There’s a couple of things I should just put out there before we start.  The first is, I am, by birth, a comic geek – I dug them when I was five, I like them even more at thirty-nine.  I think it has to do with the tradtionally black-and-white identification of good versus bad, but it could just as easilybe that I like bright colors.  The latter is more likely it, thinking about it now….anyway, the other thing to fess up about up front is that, until recently, I’ve never understood the success of Woody Harrelson.  I don’t dislike the guy, but I’ve never seen much unique about the guy.

However, this past year may have changed that opinion.  I loved the guy in Zombieland, but that seemed grooved right down the middle of his wheelhouse.  Nonetheless, it was enough for me to take a shot at this more certainly more ‘indie’ offering from last year.

As much as I am partial to comic-properties-on-the-silver-screen, I seem even more attracted to ‘deconstruction of the medium’ when thrown out to the theaters.  I found Watchmen highly captivating, and a very effective translation of the themes, tones and messages contained in the original, rightly revered, printed work.  Unbreakable, is my favorite movie, bar none, and I remain enraptured with it’s primary question:  ‘What if Superman didn’t know he was Superman, and when he found out he didn’t want to be?’.

Defendor ventures into similar territory, instead asking a different layered question:  ‘What if Batman wasn’t a child of high intelligence and infinite means when his parents died?’  Or perhaps more telling, what if the insanity within Batman came first?

Such is the story of Arthur Poppington, played by Harrelson.  Arthur is a low-IQ, semi-employed pure-hearted man whose life has been shaped by the death of his mother at a young age – but she was no socialite, just another junkie on the streets of a city that is seemingly overrun with them.  Raised not by a cultured butler, but a dissatisfied grandfather, Arthur is now a guy who holds the stop sign on a road construction crew, at least on days when he’s up to working, and living in a makeshift apartment inside a DOT warehouse, his Batcave in no uncertain parallel.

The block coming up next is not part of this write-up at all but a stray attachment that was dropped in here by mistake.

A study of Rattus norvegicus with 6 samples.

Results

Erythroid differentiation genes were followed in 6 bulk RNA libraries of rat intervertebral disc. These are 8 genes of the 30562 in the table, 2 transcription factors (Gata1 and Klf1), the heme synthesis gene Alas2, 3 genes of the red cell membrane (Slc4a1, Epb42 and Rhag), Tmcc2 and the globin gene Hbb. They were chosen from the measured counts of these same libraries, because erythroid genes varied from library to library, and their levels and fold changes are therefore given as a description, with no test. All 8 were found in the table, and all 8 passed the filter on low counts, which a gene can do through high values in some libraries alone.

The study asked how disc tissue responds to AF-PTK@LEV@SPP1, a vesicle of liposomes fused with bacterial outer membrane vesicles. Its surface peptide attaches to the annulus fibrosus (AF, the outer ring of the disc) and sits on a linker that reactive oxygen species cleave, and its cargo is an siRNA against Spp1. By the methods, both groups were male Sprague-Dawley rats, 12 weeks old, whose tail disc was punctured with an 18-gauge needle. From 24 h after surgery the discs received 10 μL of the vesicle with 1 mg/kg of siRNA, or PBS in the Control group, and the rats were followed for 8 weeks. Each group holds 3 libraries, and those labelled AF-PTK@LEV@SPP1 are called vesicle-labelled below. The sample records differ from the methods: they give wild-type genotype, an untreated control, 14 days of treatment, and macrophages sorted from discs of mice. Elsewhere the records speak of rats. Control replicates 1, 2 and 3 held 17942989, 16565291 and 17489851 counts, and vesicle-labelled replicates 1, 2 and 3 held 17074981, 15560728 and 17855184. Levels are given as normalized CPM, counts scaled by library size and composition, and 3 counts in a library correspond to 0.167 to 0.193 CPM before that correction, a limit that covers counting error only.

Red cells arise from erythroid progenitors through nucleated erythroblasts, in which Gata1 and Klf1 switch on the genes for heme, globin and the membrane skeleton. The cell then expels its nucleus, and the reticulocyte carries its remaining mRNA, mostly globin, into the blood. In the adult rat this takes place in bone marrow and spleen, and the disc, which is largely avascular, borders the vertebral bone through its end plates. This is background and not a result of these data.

For Arthur’s true mission in life is justice for his dead mother, the pursuit of which is traveled through the guise of Defendor, his unrelenting alter ego who is driven to become a knight of the night.  There’s no Batmobile, but instead a jury-rigged old extension-ladder truck the road crews no longer use.  Defendor’s armor consists of a duct-taped logo on a turtleneck, eye black, and a helmet equipped with toy ‘spy gear’ lights and a camera that feeds a VHS recorder on his back.  His utility belt contains no grappling hooks or batarangs, but marbles and jars filled with angry hornets.  And he loses as many fights as he wins.

Unlike an offering like this year’s KickAss, this story isn’t explosive, fun or exploitative.  Defendor is fighting his fight in a dirty part of this world, with his only friends being his foreman on the road crew and a crack-addicted lost girl named Kat (Kat Dennings) who is stealing from Arthur more than she is helping him track down ‘Captain Industry’, Defendor’s never-seen (nor truly existing) arch-enemy.  This is a gritty, ugly corner of the planet, and Arthur fights his fight with really only the purity of his heart maintaining his constant drive.

The story is framed within Arthur’s psychological evaluation by a court-appointed psychiatrist, played by the traditionally unwatchable Sandra Oh.  Could have been played by anybody, really, since the character is simply a storytelling device – so big points for that choice. 

For clarification’s sake, this movie seems to be listed almost everywhere as a ‘comedy’.  This is not even close – there aren’t a lot of laughs in here, nor were there intended to be, if anything, this is a straight-ahead drama in an offbeat setting, but because this isn’t a DC or Marvel character, but there are costumes, I assume the marketing team just didn’t bother watching it, saw the costume and said ‘this must be funny’.  While not as affecting or introspective as Unbreakable, Defendor has it’s charms and tells it’s tale in a very captivating manner, though the general subject matter certainly isn’t for everybody.  Worth your time, though not a lot of re-watchability here.  4 out of 7

One Comment leave one →
  1. zacknorton permalink
    2010/06/10 11:37 pm

    more super heros should go with Duct taped insignia’s… don’t you think?

    Woody was pretty likable in Zombieland, even though his character was a bastard. I imagine that Defendor is straight to the Netflix streaming section…? Or did they actually press dvd’s?

    Can’t wait to see Mystery Team. Thanks Mr.P.